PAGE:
Giving your staff as much leave as they want is not guaranteed to make you popular.

Richard Branson is a master of canny self-publicity and Virgin’s policy of unlimited holiday for staff won him another welter of flattering headlines. Now a law firm has got with the zeitgeist, introducing a similar policy for its own employees.

Ashton KCJ looks like a happy and highly productive firm and I commend its initiative. But I predict that taking flexible working to this extreme won’t catch on in the law, even where an employee’s output targets are easy to define (eg the billable hour).

The flaws with an unlimited holiday policy become glaringly apparent when you actually think about it. Here are a few.

First, an unlimited holiday policy is inherently nonsensical. In theory you could take every day off, which means you’d be on holiday from - what? It’s a non-policy policy.

Straight away, then, the onus is on the employee to gauge what might be acceptable to both their employer and close colleagues. Which is fine if the workplace is a paragon of trust and autonomy, where everyone respects and works around the deadlines and priorities of everyone else and hierarchies rarely intrude. Ashton KCJ gives every impression of being just such a place. But it is surely in a small minority.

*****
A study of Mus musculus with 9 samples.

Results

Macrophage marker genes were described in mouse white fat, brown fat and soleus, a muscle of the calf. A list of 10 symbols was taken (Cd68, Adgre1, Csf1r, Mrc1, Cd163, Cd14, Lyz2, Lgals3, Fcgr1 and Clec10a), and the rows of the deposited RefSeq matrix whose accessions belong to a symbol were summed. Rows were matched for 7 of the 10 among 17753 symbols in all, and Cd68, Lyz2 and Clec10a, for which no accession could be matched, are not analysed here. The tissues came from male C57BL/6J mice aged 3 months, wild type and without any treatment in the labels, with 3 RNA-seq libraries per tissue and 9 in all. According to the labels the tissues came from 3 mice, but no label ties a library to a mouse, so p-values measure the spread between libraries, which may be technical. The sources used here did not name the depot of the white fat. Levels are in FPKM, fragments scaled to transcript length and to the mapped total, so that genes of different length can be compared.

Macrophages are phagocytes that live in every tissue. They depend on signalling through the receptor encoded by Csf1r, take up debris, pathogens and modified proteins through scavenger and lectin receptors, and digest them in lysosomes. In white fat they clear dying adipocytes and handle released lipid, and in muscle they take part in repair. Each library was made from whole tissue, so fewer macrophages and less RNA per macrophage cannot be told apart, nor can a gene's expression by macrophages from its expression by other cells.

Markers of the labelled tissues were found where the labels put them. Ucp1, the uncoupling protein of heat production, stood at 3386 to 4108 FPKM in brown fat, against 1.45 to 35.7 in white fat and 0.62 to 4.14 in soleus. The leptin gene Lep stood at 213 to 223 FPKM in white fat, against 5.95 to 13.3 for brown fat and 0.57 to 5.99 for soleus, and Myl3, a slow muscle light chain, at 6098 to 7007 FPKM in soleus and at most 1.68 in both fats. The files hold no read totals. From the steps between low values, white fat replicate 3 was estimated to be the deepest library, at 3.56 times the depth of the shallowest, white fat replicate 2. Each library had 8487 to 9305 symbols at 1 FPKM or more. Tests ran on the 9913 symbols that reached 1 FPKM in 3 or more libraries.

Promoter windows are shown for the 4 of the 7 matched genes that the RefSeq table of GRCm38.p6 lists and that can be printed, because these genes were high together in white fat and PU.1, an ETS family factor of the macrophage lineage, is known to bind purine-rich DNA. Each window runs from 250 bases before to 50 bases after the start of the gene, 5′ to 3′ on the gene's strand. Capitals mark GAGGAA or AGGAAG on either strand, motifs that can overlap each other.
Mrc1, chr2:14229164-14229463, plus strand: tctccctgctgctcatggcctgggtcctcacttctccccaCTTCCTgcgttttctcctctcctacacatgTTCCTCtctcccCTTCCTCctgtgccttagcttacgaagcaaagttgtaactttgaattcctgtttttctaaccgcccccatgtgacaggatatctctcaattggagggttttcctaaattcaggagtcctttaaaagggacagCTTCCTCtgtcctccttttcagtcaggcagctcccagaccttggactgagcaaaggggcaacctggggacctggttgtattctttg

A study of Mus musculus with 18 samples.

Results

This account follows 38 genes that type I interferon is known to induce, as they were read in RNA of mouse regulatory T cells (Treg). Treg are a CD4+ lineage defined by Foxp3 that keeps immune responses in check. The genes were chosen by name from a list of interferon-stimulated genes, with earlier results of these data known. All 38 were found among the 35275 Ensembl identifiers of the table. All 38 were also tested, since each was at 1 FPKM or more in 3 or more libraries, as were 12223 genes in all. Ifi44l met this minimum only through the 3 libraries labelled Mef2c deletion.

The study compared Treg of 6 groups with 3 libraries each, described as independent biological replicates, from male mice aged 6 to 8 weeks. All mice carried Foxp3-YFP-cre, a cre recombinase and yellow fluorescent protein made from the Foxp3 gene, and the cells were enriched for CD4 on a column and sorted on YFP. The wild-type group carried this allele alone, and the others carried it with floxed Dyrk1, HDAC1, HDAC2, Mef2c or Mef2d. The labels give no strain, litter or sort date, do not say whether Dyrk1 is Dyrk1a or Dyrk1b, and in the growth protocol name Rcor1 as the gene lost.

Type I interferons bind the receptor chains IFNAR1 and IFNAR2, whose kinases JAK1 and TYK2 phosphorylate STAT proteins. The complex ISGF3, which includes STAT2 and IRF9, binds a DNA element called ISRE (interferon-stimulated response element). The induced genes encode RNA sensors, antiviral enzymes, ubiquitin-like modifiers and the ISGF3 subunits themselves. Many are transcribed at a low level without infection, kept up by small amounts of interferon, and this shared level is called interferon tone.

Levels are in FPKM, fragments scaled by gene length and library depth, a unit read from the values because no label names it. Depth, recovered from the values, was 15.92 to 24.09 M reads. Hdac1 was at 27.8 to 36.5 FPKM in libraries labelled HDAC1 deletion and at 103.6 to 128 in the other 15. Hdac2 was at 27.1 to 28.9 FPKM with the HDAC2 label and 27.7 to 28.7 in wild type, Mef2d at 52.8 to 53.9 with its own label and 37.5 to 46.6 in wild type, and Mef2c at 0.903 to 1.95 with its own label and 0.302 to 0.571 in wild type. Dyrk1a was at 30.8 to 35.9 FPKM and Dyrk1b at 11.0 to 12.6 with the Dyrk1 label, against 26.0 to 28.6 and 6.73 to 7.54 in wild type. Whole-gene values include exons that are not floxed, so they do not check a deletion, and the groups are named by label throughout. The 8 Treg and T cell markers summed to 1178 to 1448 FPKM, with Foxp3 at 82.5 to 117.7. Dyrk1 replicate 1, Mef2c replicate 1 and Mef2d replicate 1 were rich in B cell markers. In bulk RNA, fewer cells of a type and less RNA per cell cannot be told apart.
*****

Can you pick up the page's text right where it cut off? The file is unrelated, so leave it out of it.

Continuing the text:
Second, an employer’s intentions may be entirely noble, but unless senior management has the absolute trust and respect of staff they may be misinterpreted. An invitation to take unlimited holiday is, after all, an implicit invitation not to take holiday. Listen for the grumbles on the shop floor: ’Is the hated boss class playing a mind game to keep me chained to my desk?’ 

Third, are you going to track how much holiday each person takes? If you are, then your policy looks like a sham. If there is no limit then you have no logical right to ask questions - it’s entirely a matter for the individual. If you are not tracking it, then that’s a potential recipe for organisational atrophy - and you won’t be able to prove you are abiding by the statutory 28-day minimum in the Working Time Regulations.

So then you are forced to include caveats. Indeed, Branson has done so: unlimited holiday is only for ’when [Virgin staff] feel 100% comfortable that they and their team are up to date on every project, and that their absence will not in any way damage the business’. Which sounds perfectly fair, until you consider that in professional jobs there is always more you can do than you have already done.

There is always the risk, too, that some staff won’t even take their statutory entitlement if they feel the pressure to stay in work. And that brings us back to the suspicion some will inevitably harbour that this was the intention all along.